EMPOWERING PEOPLE | PLANET | LEGACIES
ART + EARTH
KISS THE GROUND
supported by a grant from the California Arts Council and the Ruth & Joseph C. Reed Foundation for the Arts
LOS ANGELES, CA
supported by a grant from the California Arts Council and Bob Blumenfield, Los Angeles City Council District 3
COUNCIL DISTRICT 3 OFFICE
Kiss the Ground
Let the beauty we love be what we do. There are hundreds of ways to kneel and KISS THE GROUND.
This piece of public art is produced in association with Kiss the Ground, a regenerative agriculture and soil health non profit in Los Angeles. It is funded in part by the California Arts Council within their Artists in Communities grant and the Ruth & Joseph C. Reed Foundation.
This mural depicts a respect and reverence for the ground we all walk on and the importance of maintaining healthy and thriving ecosystems. The artwork is directly guided and inspired by the Rumi quote, “Let the beauty we love be what we do. There are hundreds of ways to kneel and kiss the ground” and in promotion of the mission of the organization Kiss the Ground. It depicts microscopic elements (i.e. H20, carbon, etc) represented through geometric forms, people of all ethnicities and ages reverently kissing the ground, native grasses behind the figures with flowers and cross pollinators, and a cross section of the soil showing the inorganic and organic sub-surface world. The bottom section of the mural shows mycorrhizal fungi, earthworms and microscopic creatures like tardigrades. At the very bottom are the water table, rocks and copepods.
“This mural is chock-full of beauty and meaning; it is intended to both bring color to a blank parking lot wall, but also educate the public on the importance of soil health, regenerative agriculture and environmental stewardship. The health of our people and planet is a direct reflection of the health of our soil.” - 11:11 Co-Director Addy Gonzalez Renteria
“Public art has the ability to offer new perspectives on old problems, to incite conversation, empower change, and help people connect to issues in new ways. It allows us to see ourselves, our communities, and challenges within larger societies, and find solace but also inspiration in our shared space.11:11 A Creative Collectives works to empower necessary conversations by facilitating public art with advocacy in the forefront.”
- 11:11 Co-Director Erin Stone
This mural is produced in association with the Theodore Payne Foundation, a regenerative agriculture and soil health non profit in Los Angeles. It is funded in part by the California Arts Council within their Artists in Communities grant, the Ruth & Joseph C. Reed Foundation and the office of Council member Bob Blumenfield.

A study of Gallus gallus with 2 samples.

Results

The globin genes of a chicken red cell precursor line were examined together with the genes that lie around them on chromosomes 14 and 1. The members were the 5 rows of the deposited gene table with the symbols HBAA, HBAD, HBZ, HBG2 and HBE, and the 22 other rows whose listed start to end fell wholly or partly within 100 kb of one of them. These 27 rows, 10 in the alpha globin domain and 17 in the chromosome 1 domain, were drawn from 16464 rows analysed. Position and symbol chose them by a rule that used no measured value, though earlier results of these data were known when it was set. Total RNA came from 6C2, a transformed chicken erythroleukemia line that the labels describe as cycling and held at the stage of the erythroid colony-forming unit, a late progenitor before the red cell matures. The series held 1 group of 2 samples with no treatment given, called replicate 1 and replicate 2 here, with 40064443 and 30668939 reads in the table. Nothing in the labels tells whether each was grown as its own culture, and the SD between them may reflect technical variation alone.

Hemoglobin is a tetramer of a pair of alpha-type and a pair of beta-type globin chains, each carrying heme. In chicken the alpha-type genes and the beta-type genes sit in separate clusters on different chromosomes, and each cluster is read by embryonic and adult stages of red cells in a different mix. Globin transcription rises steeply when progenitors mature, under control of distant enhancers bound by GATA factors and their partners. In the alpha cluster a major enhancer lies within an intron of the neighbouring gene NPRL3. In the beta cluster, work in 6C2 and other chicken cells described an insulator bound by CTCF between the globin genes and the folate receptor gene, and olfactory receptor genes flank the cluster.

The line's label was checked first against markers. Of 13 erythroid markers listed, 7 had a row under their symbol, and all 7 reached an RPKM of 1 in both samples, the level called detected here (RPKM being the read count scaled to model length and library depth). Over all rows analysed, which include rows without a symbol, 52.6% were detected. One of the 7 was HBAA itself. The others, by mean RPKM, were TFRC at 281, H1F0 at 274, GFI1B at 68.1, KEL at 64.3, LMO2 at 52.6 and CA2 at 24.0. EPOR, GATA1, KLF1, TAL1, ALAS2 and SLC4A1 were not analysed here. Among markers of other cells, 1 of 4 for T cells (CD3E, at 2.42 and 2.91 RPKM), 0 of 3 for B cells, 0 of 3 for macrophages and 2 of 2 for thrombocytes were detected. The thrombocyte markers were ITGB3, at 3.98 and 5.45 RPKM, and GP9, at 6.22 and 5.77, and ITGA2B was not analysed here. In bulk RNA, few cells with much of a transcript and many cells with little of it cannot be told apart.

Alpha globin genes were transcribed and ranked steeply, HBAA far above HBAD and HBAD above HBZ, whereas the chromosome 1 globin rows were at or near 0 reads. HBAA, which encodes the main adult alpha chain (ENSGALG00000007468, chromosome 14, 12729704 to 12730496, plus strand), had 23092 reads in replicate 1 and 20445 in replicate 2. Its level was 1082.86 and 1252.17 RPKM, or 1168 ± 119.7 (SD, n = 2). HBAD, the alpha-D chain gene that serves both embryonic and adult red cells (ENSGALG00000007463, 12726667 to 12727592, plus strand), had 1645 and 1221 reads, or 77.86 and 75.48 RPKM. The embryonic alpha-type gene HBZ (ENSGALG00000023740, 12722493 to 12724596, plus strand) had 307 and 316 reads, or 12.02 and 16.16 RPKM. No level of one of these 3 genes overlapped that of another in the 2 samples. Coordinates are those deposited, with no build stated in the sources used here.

Trees are an essential part of human and environmental health. In CA, we’ve experienced widespread tree die-offs from disease, drought, fire, insect infestations, as well as designed loss of urban canopy. Our native coastal live oak (quercus agrifolia) is a cornerstone species of the California environment. They provide shelter and support for 100’s of species and like the California poppy and brown bear are representative of the state’s ecological heritage. It’s essential for the health of our communities to prioritize trees and integrate nature into built environments. The hope is that this mural will continuously remind the public of how beautiful and important our native species are.
At the completion of each mural, 11:11 ACC's education program, Valley Art Academy will host a series of educational workshops with our partnering environmental organizations. Each workshop is free to the public and will address these collective issues and how art-making and environmental advocacy can go hand-in-hand.
ABOUT THE ARTIST:
Miles Lewis is a steady-working goofball with a wry affect and a strong sense of civic duty. Professionally, he is an artist, art educator and organizer who sits on the board of 11:11 Creative Collective, an LA based non profit arts organization and public art consultancy. He grew up in a family of entertainers in LA's San Fernando Valley with 4 great passions: Art, education, critical/creative thinking, and environmental stewardship.These loves have woven themselves into a few different forms over the years.
At 19, Miles took over operation of Valley Art Institute, the college-prep art studio he attended, and has been running some form of these classes ever since. In 2009 it was called Valley Art Studio School. In 2013, it became the Valley Print Studio. In 2016, the Valley Art Workshop. In 2020, the Valley Art Academy. This current iteration can be viewed here.
Miles has exhibited in group shows around the world and have taken on a few residencies: Elsewhere Studios in Paonia CO, 55 ltd etching workshop in Berlin, Germany, and the Camera Obscura in Santa Monica.He spent a number years as a printmaker, having master-printed with artists, given lectures at institutions around Southern California, and lead workshops in traditional and contemporary techniques.
In 2017, Miles became a zero waste educator and general environmental advocate, working weekends as a portrait artist. In 2021 (and beyond), with new ventures in public art, Miles is still refining and combining his passions with an eye towards a fairly simple objective: Educating, illustrating, and advocating for a world that prioritizes human creativity and environmental mindfulness.